Bike lanes

Why do we need bike lanes?

“Many cyclists who currently bike seem perfectly happy mixing with traffic. Why do we need to build expensive bike lanes?”

While it’s true that the few people who currently cycle appear happy enough riding in and amongst traffic, it’s not ideal and certainly doesn’t feel safe.

Research shows there are four types of cyclists:

  • Strong and fearless (<1%)

  • Enthused and confident (7%)

  • Interested but concerned (60%)

  • No way no how (33%) (okay, so three types of ‘cyclist’ and one non-cycling group)

Currently, in Wellington we have a healthy ‘strong and fearless’ group, and a growing ‘enthused and confident’ group. With better infrastructure we can make riding a bike accessible to the much bigger ‘interested but concerned’ group (which most of us fall into), giving us all real transport choices.

More people on bikes, means less pressure on roads and less congestion – making it easier for those of us who need to drive or use public transport to get where we’re going. Separating bikes from cars also reduces potential conflict (particularly at intersections) and accidents.

Riding a bike is also much more social. You can pop on a bike and park right outside a busy cafe, and it’s easy to stop and chat with friends along the way. You also see more – areas with higher numbers of cyclists feel a lot safer at night for pedestrians. The roads will be a nicer place to be for all of us.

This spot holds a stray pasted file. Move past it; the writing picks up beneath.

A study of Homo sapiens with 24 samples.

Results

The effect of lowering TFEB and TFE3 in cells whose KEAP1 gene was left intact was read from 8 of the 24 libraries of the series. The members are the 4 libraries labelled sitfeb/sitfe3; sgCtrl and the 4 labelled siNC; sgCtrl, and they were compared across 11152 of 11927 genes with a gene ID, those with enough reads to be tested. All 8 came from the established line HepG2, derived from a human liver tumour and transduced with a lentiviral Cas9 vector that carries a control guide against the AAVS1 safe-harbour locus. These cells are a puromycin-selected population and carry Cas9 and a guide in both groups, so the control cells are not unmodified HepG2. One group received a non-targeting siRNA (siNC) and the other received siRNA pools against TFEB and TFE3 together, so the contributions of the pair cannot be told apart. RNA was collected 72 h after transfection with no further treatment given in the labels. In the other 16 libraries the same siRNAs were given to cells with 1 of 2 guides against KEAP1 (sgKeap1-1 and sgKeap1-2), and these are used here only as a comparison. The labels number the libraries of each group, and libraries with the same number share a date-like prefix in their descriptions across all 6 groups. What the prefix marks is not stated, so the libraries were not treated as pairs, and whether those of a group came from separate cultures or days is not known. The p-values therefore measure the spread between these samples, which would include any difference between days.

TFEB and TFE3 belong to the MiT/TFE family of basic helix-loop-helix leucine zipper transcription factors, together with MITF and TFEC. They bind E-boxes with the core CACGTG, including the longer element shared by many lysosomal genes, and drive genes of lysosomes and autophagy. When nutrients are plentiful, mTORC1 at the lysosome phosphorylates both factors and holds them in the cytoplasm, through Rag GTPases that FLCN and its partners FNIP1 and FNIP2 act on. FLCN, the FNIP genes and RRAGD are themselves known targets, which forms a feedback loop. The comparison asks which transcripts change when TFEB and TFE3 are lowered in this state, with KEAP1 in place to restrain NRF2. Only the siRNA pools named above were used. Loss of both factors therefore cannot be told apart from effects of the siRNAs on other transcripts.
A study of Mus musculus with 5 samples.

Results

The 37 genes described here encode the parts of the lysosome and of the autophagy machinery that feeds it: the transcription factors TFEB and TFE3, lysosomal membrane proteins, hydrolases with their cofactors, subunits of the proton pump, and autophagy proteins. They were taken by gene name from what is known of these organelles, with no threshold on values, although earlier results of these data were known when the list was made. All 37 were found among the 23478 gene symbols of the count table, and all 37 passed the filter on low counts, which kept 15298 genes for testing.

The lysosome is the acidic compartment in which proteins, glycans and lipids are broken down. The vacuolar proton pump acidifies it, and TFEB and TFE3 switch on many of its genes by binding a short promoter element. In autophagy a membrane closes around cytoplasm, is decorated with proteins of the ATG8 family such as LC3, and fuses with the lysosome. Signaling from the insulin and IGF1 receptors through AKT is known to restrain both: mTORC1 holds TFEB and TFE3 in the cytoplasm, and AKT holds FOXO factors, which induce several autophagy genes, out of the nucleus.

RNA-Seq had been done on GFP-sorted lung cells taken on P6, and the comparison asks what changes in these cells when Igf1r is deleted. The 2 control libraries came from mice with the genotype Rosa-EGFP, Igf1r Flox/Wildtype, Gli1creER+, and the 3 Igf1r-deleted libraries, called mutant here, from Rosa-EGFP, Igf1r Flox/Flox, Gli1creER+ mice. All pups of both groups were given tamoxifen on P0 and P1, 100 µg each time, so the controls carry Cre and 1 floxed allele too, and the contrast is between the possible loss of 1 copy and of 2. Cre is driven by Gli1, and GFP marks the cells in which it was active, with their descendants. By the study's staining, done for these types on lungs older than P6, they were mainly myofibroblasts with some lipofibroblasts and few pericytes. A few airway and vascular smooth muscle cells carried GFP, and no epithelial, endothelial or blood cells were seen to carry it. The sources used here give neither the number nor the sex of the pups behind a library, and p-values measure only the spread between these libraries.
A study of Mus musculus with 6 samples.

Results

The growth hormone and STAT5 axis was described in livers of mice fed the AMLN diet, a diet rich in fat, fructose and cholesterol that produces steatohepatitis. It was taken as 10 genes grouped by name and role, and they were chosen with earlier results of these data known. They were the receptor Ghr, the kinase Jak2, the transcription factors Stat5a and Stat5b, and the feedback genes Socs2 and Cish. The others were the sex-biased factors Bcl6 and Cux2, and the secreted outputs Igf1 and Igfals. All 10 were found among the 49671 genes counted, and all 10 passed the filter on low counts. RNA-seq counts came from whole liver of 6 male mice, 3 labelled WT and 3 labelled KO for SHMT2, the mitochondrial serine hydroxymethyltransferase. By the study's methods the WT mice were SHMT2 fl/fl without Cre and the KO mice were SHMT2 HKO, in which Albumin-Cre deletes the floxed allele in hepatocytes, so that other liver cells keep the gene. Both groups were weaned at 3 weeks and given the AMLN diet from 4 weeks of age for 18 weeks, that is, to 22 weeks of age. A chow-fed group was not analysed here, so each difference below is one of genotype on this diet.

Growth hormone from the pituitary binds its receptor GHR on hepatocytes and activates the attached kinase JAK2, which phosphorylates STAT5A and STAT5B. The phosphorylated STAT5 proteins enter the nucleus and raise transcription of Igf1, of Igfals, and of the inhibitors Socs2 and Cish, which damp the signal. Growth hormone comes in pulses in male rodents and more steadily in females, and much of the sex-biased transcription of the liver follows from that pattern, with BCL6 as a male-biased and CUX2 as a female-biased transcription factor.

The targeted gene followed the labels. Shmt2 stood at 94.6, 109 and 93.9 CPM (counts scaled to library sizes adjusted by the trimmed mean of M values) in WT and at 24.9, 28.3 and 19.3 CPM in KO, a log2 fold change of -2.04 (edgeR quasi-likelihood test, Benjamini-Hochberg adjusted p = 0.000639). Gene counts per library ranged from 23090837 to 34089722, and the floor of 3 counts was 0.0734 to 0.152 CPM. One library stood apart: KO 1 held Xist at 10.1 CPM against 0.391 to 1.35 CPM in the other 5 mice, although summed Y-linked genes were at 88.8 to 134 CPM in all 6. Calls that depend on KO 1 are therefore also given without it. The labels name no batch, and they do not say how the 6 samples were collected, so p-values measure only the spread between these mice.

Right now, Wellington has the worst safety record for cyclists in New Zealand. It’s not a record we’re keen to keep. All people make mistakes, but when that mistake can lead to two-tonnes of steel ploughing into a person protected only by a styrofoam helmet, it can have grave consequences. It’s not a situation any of us want to be in.

The road design can help lessen the impact and frequency of accidents. It makes sense to separate big and small, fast and slow. This is why CAW supports separated or ‘protected’ bike lanes, with appropriate, easy to use cycling facilities at intersections. It doesn’t need to be a drastic change, and the result will be a more ‘people’ friendly neighbourhood.